The short answer is: **quantifiers matter**, they’re very important.

The question was asked me by students who were starting studying equivalence relations. They wondered: why refelxivity is needed? Can’t it be deduced by Symmetry and Transitivity?

Let’s recall the definition of **equivalence relation**.

Given two sets $A$ e $B$, a relation is any subset of the cartesian product $A\times B$. A relation can also be defined between elements of one set $A$: in this case the relation is a subset of the cartesian product $A\times A$ ($A^{2}$).

A relation $R$ in $A\times A$ is said to be an **equivalence** if it is *Reflexive*, *Symmetric *e *Transitive*.

Reflexivity (**M**): $\forall x\in A, (x,x)\in R$

Symmetry (**S**): $(x,y)\in R \Rightarrow (y,x)\in R$

Transitivity (**T**): $(x,y)\in R \wedge (y,z)\in R\Rightarrow (x,z)\in R$

The reasoning made by students was like the following: **S** $\Rightarrow (x,y)\in R\Rightarrow (y,x)\in R$, hence, through **T**, $(x,x)\in R$, which looks like reflexivity **M**.

Looks like… The keypoint is that neither **S** nor **T** guarentee that *all* the elements of A are linked through R to at least one element of A: universal quantifier “for all” ($\forall$) is missed. Universal quantifier which is instead included inside reflexivity **M**.

In other words, reflexivity **M** – exactly thanks to the universal quantifier “for all” ($\forall$) – is the only property among the three which guarentees no element of A is left outside the relation R; what **S** and **T** cannot do.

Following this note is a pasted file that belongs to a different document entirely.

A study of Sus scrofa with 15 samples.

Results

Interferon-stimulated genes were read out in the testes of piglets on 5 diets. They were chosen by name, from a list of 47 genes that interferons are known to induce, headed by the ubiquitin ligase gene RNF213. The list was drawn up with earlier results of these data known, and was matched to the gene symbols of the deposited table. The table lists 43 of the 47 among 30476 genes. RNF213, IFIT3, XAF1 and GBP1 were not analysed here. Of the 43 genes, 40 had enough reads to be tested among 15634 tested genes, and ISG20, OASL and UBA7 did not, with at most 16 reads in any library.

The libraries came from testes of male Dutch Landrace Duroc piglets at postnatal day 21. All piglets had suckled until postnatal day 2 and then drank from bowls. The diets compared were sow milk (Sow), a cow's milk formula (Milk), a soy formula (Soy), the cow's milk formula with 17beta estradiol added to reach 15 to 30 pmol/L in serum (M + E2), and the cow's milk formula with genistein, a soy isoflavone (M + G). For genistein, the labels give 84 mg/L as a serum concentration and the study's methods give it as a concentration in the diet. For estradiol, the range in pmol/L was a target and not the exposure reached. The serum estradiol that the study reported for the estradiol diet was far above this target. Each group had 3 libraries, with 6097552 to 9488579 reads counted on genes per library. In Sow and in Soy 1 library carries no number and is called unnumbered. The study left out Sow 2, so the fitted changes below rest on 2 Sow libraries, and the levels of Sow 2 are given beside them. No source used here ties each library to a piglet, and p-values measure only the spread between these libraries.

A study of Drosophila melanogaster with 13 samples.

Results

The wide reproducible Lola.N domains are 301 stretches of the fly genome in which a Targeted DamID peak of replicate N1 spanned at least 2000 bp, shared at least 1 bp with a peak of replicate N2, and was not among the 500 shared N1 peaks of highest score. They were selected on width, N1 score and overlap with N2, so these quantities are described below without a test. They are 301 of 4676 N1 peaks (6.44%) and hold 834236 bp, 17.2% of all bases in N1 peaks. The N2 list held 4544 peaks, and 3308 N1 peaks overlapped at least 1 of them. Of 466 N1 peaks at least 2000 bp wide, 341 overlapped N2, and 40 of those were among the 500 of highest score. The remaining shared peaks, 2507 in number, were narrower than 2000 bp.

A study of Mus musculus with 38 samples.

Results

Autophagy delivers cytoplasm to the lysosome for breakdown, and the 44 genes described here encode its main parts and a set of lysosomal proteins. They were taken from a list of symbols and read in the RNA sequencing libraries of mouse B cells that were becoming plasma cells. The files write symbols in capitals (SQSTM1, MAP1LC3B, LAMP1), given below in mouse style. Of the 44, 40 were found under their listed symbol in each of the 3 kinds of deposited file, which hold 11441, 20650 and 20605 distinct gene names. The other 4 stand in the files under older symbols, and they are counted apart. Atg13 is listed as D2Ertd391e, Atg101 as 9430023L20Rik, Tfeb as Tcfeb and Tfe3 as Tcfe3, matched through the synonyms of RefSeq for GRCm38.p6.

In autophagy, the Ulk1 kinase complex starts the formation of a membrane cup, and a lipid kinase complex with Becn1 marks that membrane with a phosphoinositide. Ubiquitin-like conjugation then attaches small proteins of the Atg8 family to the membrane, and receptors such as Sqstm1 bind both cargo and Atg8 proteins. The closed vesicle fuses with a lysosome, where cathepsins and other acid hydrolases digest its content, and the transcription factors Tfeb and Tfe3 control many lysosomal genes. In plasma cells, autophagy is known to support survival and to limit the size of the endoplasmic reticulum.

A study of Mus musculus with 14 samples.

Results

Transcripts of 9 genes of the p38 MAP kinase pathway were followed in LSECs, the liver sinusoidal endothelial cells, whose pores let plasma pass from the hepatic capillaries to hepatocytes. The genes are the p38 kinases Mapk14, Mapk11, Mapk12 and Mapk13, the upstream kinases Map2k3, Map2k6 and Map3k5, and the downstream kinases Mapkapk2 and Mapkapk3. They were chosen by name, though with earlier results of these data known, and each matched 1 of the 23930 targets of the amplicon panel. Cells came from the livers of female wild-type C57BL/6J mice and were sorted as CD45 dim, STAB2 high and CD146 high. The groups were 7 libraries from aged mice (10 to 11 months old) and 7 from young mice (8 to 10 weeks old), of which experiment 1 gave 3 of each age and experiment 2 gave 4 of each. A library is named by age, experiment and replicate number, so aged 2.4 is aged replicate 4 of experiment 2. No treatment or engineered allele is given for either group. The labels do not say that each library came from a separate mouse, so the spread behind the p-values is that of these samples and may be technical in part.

It’s useful to recall that an equivalence relation on a set A naturally builds some subsets – the so called equivalence classes – which are a partition of A. So, using the definition of partition, no element of A can be excluded by the partition, that is, all elements of A must stay in one of the partition subsets.

Now, an example. The relation defined as follows:

$R:\left \{(m,n)\in \mathbb{Z}^{2} : mn>0\right \}$

is obviously symmetric and transitive; moreover *almost* all the elements of $\mathbb{Z}$ are linked to themselves through $R$. By the way the relation is not reflexive since $0\in\mathbb{Z}$ is not linked to itself through $R$ (indeed it’s not linked to any other element of $\mathbb{Z}$).

Should you have any comments, doubts or questions, feel free to leave them in the comments section. Thank you. See you soon.